Biotechnology 1a: Introduction

Did you know that the field of biotechnology encompasses everything from plant and animal breeding to genetics? Discover how biotechnology has changed the world around us from food to genetics. Build on historical applications with modern discoveries. Understand how regulations and ethics govern the course of biotechnology and learn of its importance to the field of medicine. Increase your understanding of this cutting-edge field!

Review Course Outline

Units at a Glance

Unit 1: Biotechnology Basics

Biotechnology refers to techniques that rely upon living organisms or the products of those organisms to make or modify products, to improve animals or plants, or to develop microorganisms for medical, agricultural, or industrial use. In this unit, you will review the essential foundations for biotechnology, specifically the biology behind biotechnology.

Unit 2: The Beginning of Biotechnology

The first human experiments and work in biotechnology came as humans made the transition from hunting and gathering to an agricultural means of food production. Domestication of plants and animals led to significant changes through active human interference and selection. Changes in human society, including sedentism, would lead to many early innovations in biotechnology.

Unit 3: Food Preservation and Fermentation

The first use of biotechnology, as you learned in Unit 2, was to improve the food supply. Biotechnology continued to be used for food production as early peoples learned how to ferment their foods, produce alcohol and vinegar, make cheese, and bake bread. These changes in foods improved the food supply and made it safer, and reduced the risk of food-borne illness.

Unit 4: Collection and Breeding

Modern biotechnology requires an understanding of genetics; however, that understanding is relatively recent. Before biologists, microbiologists, and botanists understood genetics, they learned how to crossbreed plants and produce hybrids of their own creation. In many ways, this built upon the domestication of plants discussed in Unit 2 but was far more complex and innovative.

Unit 5: The Beginning of Genetics

The study of genetics could not begin until the basic processes of inheritance were well understood. In the middle of the 19th century, an amateur scientist, Gregor Mendel, undertook the first defined scientific experiments in genetics, carefully recording the ratios of inheritance. While his work received little recognition at first, the study of genetics moved quickly from the 20th century onward. Within the first 50 years of the 20th century, DNA was identified and, by 1977, the first gene sequencers opened up new opportunities for the study of genetics.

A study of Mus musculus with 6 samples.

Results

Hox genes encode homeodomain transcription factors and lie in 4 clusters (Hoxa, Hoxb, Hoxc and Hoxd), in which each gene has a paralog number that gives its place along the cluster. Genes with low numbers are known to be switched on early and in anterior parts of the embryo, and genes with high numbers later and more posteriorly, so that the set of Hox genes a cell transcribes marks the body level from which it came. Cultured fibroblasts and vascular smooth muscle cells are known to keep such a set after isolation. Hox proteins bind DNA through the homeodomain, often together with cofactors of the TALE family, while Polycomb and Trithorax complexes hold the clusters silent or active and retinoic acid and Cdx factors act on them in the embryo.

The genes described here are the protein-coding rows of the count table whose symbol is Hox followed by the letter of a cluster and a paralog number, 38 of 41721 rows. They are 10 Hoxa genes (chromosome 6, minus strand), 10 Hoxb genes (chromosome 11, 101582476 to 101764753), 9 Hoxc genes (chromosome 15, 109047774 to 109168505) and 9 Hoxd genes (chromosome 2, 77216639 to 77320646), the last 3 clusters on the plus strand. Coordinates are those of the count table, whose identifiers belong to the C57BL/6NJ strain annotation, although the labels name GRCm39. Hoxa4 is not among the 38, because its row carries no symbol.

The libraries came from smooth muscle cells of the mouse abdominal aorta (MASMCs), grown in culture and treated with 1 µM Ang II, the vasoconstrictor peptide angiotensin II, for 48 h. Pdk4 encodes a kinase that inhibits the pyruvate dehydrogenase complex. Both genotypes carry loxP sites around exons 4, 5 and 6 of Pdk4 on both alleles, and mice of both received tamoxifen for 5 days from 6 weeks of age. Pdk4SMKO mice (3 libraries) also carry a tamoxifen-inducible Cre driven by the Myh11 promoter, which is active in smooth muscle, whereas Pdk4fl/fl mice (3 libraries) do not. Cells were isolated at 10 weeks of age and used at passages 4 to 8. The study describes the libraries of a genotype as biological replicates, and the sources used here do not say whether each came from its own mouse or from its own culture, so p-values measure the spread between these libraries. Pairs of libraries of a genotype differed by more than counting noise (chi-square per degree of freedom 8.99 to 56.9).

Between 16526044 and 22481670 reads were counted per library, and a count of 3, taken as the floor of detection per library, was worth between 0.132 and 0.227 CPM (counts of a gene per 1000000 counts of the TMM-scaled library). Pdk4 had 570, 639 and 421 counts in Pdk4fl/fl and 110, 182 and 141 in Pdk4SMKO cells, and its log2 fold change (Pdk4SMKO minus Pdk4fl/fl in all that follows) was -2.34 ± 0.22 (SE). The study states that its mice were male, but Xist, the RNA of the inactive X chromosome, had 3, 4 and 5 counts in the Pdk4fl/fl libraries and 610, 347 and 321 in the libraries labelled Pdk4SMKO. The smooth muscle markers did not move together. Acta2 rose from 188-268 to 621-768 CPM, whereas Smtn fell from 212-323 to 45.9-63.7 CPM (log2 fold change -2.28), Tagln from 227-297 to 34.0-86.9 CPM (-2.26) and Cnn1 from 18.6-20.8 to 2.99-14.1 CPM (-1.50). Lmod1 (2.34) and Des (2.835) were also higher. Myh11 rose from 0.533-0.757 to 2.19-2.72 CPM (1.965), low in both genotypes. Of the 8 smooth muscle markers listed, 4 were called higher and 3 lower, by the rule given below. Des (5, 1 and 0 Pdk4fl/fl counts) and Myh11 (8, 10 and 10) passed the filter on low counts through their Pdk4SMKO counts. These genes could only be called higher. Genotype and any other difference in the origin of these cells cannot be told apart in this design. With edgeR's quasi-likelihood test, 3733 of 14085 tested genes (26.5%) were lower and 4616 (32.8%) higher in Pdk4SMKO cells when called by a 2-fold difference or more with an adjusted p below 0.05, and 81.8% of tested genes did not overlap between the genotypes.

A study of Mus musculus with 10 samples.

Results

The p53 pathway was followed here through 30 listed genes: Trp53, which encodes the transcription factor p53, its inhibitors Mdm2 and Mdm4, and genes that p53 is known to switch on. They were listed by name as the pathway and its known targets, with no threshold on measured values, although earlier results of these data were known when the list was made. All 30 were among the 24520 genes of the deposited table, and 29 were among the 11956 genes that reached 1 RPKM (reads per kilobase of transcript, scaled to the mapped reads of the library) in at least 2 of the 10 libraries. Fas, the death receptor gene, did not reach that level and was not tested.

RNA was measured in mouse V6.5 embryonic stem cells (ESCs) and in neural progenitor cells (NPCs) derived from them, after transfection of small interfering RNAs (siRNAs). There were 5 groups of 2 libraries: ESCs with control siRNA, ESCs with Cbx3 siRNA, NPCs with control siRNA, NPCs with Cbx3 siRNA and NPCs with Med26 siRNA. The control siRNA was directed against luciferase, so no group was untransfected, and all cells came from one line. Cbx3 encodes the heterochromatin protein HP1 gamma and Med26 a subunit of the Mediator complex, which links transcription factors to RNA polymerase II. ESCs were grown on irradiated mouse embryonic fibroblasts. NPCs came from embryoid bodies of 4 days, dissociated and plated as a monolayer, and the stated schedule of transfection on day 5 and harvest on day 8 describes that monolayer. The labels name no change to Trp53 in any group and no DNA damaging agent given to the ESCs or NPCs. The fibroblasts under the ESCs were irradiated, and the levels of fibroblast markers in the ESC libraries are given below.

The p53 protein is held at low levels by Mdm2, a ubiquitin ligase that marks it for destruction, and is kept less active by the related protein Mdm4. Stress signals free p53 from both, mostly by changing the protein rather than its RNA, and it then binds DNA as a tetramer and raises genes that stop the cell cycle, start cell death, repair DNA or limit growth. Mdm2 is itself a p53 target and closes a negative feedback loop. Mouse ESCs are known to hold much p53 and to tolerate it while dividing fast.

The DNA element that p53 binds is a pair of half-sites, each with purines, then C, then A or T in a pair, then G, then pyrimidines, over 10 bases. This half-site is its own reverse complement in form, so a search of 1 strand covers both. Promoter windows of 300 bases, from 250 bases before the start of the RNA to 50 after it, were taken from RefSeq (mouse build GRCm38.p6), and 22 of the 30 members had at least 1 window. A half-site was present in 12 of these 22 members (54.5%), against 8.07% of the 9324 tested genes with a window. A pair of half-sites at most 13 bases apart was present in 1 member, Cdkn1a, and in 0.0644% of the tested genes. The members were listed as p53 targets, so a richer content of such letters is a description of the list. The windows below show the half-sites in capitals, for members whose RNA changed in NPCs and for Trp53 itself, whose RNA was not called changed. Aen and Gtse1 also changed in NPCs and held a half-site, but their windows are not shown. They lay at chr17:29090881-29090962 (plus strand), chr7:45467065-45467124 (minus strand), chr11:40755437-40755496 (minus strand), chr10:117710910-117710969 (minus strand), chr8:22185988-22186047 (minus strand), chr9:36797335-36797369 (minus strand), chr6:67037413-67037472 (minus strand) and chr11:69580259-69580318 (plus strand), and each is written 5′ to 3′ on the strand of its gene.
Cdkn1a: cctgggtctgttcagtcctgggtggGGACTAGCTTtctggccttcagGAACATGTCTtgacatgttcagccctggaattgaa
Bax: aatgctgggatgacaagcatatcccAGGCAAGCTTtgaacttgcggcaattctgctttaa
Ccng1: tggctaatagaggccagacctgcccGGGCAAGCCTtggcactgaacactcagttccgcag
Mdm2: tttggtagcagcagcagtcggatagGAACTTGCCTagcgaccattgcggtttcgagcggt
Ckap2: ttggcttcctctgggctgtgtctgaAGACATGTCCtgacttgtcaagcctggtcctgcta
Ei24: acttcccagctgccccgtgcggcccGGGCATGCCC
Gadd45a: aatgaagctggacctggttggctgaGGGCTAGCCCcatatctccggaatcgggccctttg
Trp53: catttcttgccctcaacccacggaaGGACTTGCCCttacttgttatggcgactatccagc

Unit 6: Early Industrial Discoveries

In this unit, you will learn about industrial biotechnology advancements between 1800 and World War II. These innovations required new achievements in microbiology, a new understanding of enzymes and fermentation, as well as the ability to identify bacteria. They fueled industrial growth in various industries, from ammunition production to paints and varnishes, providing key ingredients needed for a growing and changing world.

Unit 7: Regulation of Biotech

Food, drugs, the environment—biotechnology is everywhere! The industry is producing life-changing products across the globe and in our lives. Biotech has an effect on the foods we eat, on the drugs that promote healing, and on the products that protect our environment. The future of biotech is bright but comes with a responsibility to safeguard consumers and our environment. This safeguarding responsibility is known as regulation. Regulation is sometimes seen as a negative, but as we’ll see, it actually helps protect us while providing pathways to innovation and change.

Unit 8: Healing, Feeding, Fueling

The world of biotechnology is an area of science that does not concentrate on just one scientific area. Biotech applications and innovations heal humans and animals. Biotech supports agriculture by increasing crop yields, improving plant life, and preventing damage to our food chain from pests and insects. We even see biotech developing applications to combat climate change through products such as biofuels that use plant-based formulas instead of fossil-based fuel. Biotech is even in our laundry detergents and dishwashing liquids in the form of special enzymes that replace environmentally harmful chemicals!